Beer in Literature: A Guide

Posted by Sandra Woolf

Photo by radovan on Unsplash

Beer goes by many names: draft, libation, brewskie, and the list goes on. This beverage is so delicious that even fictional characters in literature can’t help but pour a cold one! Here’s our guide to the hoppiest and palest ales in books.


Treasure Island – Ale

It comes as no surprise that pirates love to drink. And when they have run out of rum, the next best choice is ale! In Robert Louis Stevenson’s classic tale Treasure Island, the nefarious crew is often seen drinking a quart of ale. When they’re not sinking ships and looking for buried treasure, that is. Being a buccaneer is thirsty work!


The Wind-Up Bird Chronicle – Pilsner Lager

According to Haruki Murakami, “a cold beer at the end of the day is the best thing life has to offer.” We'd like to think he's drinking a Pilsner Lager. Pilsners can range in taste from bitter and earthy to slightly sweet. Move over sake, there’s a new beverage in town.


Ulysses – Irish Dry Stout

Enough with the light beers. Let’s go dark! James Joyce was especially a fan of dry stouts, referencing the popular Guinness in his literary classic Ulysses. He went so far as to call the creators of the beer “lords of the vat.” Stouts are often bitter, with hints of chocolate or coffee. Sláinte!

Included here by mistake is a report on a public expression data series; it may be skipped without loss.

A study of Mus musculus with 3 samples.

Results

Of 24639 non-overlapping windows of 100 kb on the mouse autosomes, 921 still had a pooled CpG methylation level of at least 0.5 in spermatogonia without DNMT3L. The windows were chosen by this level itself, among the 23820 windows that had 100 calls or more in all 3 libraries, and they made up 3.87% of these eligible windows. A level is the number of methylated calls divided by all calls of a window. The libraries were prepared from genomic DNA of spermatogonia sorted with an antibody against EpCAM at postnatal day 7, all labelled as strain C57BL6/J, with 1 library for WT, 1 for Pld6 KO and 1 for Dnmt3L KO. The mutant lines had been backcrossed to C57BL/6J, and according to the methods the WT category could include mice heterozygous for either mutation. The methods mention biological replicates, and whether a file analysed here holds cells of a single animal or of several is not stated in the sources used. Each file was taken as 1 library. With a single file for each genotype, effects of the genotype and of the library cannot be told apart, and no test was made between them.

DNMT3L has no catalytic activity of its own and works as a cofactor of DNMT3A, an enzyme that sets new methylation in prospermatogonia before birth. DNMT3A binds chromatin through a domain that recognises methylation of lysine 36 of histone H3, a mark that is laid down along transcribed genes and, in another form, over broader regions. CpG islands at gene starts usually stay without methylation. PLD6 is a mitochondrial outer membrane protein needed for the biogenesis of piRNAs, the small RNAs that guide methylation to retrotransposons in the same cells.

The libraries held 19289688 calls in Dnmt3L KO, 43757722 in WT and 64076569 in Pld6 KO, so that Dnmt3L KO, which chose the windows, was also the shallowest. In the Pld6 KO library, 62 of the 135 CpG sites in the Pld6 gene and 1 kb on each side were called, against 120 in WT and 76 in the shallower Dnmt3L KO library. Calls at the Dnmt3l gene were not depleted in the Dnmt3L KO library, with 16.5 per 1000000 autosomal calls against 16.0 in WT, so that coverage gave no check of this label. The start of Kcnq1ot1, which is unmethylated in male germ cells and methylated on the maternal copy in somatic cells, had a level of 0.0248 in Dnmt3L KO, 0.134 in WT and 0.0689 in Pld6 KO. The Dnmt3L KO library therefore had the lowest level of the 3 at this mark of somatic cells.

The Way of Kings – Mudbeer (Porter)

Technically, Mudbeer is not real beer—it was created by Bandon Sanderson for his fantasy series The Stormlight Archive. But for the sake of this list, we are labeling it as a Porter-style beer, since it's described as being dark and hoppy, similar to a Porter. Popular to drink during Roshar’s winter, Mudbeer is also used to quell disputes, with the loser being too drunk to argue.

Sandra Woolf

Sandra Woolf

Sandra Woolf lives in the PNW where she haunts bookshops and library sales. Freelancer by day, horror movie lover by night. Writing inquires can go to what lovely books at gmail or just to ask her how her hairy is so bouncy.